TLDR Daily Update 2020-04-07

Apple buys NextVR 🎬, Tesla ventilators 🌬️, what people Uber Eats 🍟

Big Tech & Startups

Tesla shows how it’s building ventilators with car parts (1 minute read)

Tesla and other car manufacturers are building ventilators for the COVID-19 crisis. Ford is working with GE to build ventilators, respirators, and face shields, and GM is building ventilators and will soon be able to produce 50,000 face masks a day. A four-minute video is available that shows how Tesla is building its ventilators. Ventilators are being built using available car parts. Automotive companies stockpile parts in order to prevent shortages in their production lines, so they currently have a large supply of available materials.

Apple to Buy NextVR from Best Virtual Reality Platforms (2 minute read)

It has been rumored for months that Apple is planning to release VR and AR glasses. Some clues point to a 2022 release. NextVR allows users to watch events through VR glasses. Apple has acquired NextVR for $100 million. NextVR employees will have to move after the purchase is completed.
Science & Futuristic Technology

How to refuel a nuclear power plant during a pandemic (3 minute read)

Nearly 1,000 specialized technicians from around the US gather at the Palo Verde Nuclear Generating Station near Phoenix, Arizona every spring in order to refuel one of the plant's three nuclear reactors. Under normal circumstances, this process takes around a month. During the coronavirus pandemic, the plant operators have had to change their refueling plans. The plant will begin the refueling process in early April. All processes will be designed to ensure that the plant will be able to run for the next 18 months, but no non-essential repairs or maintenance will be completed.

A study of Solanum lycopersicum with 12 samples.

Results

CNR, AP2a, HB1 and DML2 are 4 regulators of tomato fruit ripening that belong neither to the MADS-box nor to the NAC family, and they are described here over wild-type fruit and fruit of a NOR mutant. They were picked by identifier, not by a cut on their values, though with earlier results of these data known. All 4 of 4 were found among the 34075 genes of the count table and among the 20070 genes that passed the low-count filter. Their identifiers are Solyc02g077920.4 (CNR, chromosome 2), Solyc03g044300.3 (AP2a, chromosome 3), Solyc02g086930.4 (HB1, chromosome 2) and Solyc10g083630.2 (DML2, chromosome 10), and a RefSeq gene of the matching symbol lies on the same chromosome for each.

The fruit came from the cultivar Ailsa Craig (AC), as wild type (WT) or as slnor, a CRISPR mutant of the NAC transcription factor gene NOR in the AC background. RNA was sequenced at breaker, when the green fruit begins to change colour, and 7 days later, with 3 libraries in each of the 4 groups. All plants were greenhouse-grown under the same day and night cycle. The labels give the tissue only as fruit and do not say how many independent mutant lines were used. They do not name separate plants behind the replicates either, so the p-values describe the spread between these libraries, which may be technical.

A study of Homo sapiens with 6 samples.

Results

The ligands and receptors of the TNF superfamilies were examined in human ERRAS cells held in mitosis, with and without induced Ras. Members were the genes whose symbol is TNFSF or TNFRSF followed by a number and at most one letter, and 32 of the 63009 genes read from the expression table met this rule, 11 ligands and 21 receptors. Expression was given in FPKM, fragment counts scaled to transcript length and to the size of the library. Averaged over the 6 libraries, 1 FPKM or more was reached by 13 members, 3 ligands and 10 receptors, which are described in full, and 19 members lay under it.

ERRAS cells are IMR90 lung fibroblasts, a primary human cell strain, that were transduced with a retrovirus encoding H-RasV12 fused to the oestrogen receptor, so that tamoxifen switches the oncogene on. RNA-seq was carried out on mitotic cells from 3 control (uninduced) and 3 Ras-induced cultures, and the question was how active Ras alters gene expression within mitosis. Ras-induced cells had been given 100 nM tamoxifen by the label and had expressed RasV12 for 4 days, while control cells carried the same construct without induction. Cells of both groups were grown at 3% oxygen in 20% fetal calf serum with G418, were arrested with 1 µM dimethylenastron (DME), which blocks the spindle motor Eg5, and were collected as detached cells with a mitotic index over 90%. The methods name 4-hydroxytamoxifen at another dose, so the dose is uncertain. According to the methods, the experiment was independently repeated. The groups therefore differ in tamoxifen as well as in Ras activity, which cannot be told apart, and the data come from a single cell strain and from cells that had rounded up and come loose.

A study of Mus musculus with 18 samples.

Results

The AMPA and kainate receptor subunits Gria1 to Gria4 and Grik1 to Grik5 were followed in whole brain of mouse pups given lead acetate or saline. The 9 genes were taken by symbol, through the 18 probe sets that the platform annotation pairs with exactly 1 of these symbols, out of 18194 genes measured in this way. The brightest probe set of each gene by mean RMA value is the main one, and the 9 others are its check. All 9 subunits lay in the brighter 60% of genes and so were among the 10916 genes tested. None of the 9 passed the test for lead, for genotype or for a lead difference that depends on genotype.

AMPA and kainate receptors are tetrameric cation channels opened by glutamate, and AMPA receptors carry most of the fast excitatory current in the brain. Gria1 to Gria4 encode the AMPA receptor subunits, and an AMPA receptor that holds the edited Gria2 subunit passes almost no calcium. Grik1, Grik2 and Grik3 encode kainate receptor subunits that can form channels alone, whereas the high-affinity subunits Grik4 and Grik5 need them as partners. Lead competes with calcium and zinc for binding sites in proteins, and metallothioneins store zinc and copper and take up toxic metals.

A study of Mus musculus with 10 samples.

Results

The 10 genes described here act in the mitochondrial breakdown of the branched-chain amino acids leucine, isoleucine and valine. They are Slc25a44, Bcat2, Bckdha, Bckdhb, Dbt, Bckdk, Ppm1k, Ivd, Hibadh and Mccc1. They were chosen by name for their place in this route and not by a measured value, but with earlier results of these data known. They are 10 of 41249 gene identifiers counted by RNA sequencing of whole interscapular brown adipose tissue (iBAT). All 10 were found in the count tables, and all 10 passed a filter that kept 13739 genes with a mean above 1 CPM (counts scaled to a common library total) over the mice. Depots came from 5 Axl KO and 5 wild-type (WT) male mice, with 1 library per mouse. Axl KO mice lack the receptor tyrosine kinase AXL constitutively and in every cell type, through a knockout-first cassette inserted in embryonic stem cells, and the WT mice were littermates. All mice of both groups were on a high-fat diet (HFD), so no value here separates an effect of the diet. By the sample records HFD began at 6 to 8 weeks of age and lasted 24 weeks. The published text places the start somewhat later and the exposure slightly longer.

Programming, Design & Data Science

CS106A - Code in Place (Website)

CS106A - Code in Place is the first half of CS106A, a popular course at Stanford University that teaches the fundamentals of computer programming through Python. It assumes no previous background in programming and is open to everyone.The course will run for free (subject to availability) between April 13th and May 22nd. Students should expect to spend around 15 to 20 hours per week on the course. There will be a videoconferencing component for students to meet up in small discussion groups once a week with someone on the teaching team.  There is no grade or university credit for completing the course.

What happens when ... Kubernetes edition! (35 minute read)

Kubernetes handles the deployment of workloads across infrastructure using user-friendly APIs. Most of what it is doing is hidden from the user. This article details what happens 'under the hood' in Kubernetes after you enter in the command to deploy nginx to a cluster. It aims to help readers understand what Kubernetes actually does in order to fully understand the value it offers.

You can now deepfake yourself into a celebrity with just a few clicks (5 minute read)

A new iPhone app called Impressions lets you create deepfakes of celebrities with just a few clicks. Example videos are available in the article. Users just need to film and upload a short video. The video is then processed on a server and the deepfake video is returned in a few minutes.  Impressions stores user videos until they are deleted from the app.  Impressions plans to eventually use user-uploaded videos to develop deepfake detection models in the future.

Here's What People Across the Country Are Ordering on Uber Eats During Quarantine (2 minute read)

UberEats has seen a more than 30 percent increase in orders from independent restaurants since mid-March. Delivery fees have been waived for independent restaurants. Uber also created an in-app feature so people can donate directly to restaurants.  A list of the most popular dishes by state is available in the article.